Houston and Harvey – a cautionary tale
I bristle when someone asks, “Where’s your southern accent?”
I have to explain to them that, while located in the south, my hometown of Houston is a huge metropolitan city, a rival in size to Chicago. And it’s an international city, a second home to people from all over the world and capital for international big business.
I’m proud of my hometown. And even though I made the move to Seattle three years ago, I still consider myself a Houston girl.
Houston has finally been recognized as the most diverse city in the nation, more diverse than even New York.
Houston is a place where all walks of life, all nationalities, are welcomed with open arms. Houston is home to the second largest working population of artists, has the second most theatre seats in the nation and has a vibrant arts, culture and culinary scene.
The past few days, I have been watching as Harvey decimated my city.
At first, my friends posted photos of empty shelves in stores. Shoppers were stocking up on water and canned goods – and supplies were running out quickly.
Houstonians are used to rain, pros at weathering a good thunderstorm. My friends were optimistic. They are used to people panicking as well. They do their best to remain calm.
But the downpour was unrelenting this time. Roads turned into rivers. Homes became islands. Some rain gauges revealed records of 50 inches or more.
An article in the Washington Post said the total rainfall in the greater Houston region’s 20,000-sq. mile area was “19 times the daily discharge of the Mississippi River, by far the most of any tropical system ever recorded.”
I watched from safety in Seattle on CNN – worried sick about my family and friends. In Houston, neighbors rescued neighbors. Volunteers came from all around to help.
Tens of thousands of residents continue to pile into shelters. The New York Times reported the death toll climbing to 30 so far.
My friends rejoiced when the rain stopped. They posted photos of the sun peaking through the clouds on Instagram. But when I called, they told me about the new curfew that’s been imposed, the damaged buildings downtown, the loss of homes and property, the inability to go to work or school.
USA Today said Harvey “could be the costliest natural disaster in U.S. history with a potential price tag of $160 billion . . . equal to the combined cost of Hurricanes Katrina and Sandy.”
How will Houston – and the nearby Texas towns -- handle that type of blow? For a minute, I’m taking comfort that my friends and family are safe and sound. But it only lasts for a moment. I’m worried about their jobs, their living situations, the schools. I’m worried about the theatres and galleries filled with water – and how that will affect the arts. I’m worried about the pollutants released from refineries and chemical plants along the port. How will that affect the local environment, the water supply, the ocean?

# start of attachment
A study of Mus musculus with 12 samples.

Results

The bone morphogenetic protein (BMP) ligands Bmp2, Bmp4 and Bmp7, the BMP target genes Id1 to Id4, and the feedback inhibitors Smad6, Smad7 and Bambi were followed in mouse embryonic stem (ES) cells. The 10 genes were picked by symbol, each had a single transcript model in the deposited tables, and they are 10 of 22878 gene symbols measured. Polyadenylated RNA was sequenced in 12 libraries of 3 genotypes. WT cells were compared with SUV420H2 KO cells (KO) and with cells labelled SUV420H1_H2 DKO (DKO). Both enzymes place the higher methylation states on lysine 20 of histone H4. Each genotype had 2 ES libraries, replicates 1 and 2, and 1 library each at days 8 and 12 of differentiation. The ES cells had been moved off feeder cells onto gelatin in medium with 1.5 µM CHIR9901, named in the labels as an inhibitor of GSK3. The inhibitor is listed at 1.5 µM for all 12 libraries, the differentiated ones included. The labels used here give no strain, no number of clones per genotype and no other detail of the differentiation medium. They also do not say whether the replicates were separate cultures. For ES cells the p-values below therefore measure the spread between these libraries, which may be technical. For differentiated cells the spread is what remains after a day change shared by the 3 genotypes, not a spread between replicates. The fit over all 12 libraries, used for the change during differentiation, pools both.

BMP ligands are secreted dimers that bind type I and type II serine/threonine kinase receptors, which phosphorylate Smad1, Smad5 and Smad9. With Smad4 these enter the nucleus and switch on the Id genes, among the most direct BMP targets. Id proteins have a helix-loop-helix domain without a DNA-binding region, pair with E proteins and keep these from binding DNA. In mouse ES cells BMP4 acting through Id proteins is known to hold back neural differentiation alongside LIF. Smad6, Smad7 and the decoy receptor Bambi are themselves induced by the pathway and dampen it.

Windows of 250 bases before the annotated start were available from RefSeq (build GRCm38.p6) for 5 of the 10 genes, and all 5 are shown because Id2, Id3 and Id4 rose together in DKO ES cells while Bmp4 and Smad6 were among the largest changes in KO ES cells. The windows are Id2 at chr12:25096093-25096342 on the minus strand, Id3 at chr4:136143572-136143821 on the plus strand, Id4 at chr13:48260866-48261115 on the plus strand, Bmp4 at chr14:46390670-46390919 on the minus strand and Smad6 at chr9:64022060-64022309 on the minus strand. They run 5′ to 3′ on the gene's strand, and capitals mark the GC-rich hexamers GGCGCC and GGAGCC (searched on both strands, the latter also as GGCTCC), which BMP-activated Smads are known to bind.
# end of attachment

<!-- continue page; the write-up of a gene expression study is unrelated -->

I know Houston is a resilient city. I know that the people there will join together and get through this.
But that’s not the point.
In 2005, I was living in Houston when Hurricane Rita hit. Only since I’ve moved to Seattle, did I realize it’s a storm most of the country doesn’t seem to know about.
The hurricane was actually stronger than Katrina. When you wonder why people didn’t evacuate from Houston for Harvey – Rita is the answer.
The highways of Houston were so crowded with people fleeing from that storm the traffic flow ground to a halt. People ran out of gas. Some even died in their cars.
Then three years later, I was living in Houston when Hurricane Ike struck.
We lost power for a month. We were stuck home with curfews. We couldn’t get food or water or gas. There are reports that 37 people died in the storm. Galveston was shut down and beachside towns were completely wiped out.
After Rita and Ike, my friends and I all believed our lives were changed. We vowed to keep our pantries storm-ready, our gas tanks more than half full. We were going to buy generators and camp stoves. We wanted to be better prepared.
But that all stopped when the fear faded away.
I believe similarly, the city itself threw caution to the wind. Developers built along the bayou.
Government officials, along with leaders of industry, discussed taking proactive measures to protect against storm surges and floods – but did nothing.
Arguments continued to wage about whether global warming exists – even as rising sea levels were evident in the city’s more frequent floods and increasingly strong storms.
As a country, haven’t we all become a little too complacent as well? Aren’t we all a little too surprised whenever we’re hit with a natural disaster?
Have we considered the safety of our drinking water, sewage treatment facilities, highway systems and mass transit routes – are they in harms way? And will they continue to function during a disaster, natural or manmade?
Maybe you think Houston is just some city 2,000 miles away. Maybe you think that the only way this story applies to you is as an appeal to your pocketbook, an appeal to your heart to have some sympathy.
But really this story should serve as a parable, a forewarning even.
How are we as a nation preparing for the long-term effects of global warming? Are we truly considering the environmental impact of constant development, ever-expanding pavement?
Are we building safely and investing in needed safeguards for industry? Or are we just doing the minimum? Being reactive instead of proactive?
Houston is not the only city in the U.S. placed perilously close to the ocean. Look at those maps displaying the cities and regions will be under water in the next decade. Where will all those people go? And will you – or the people you love -- be among them?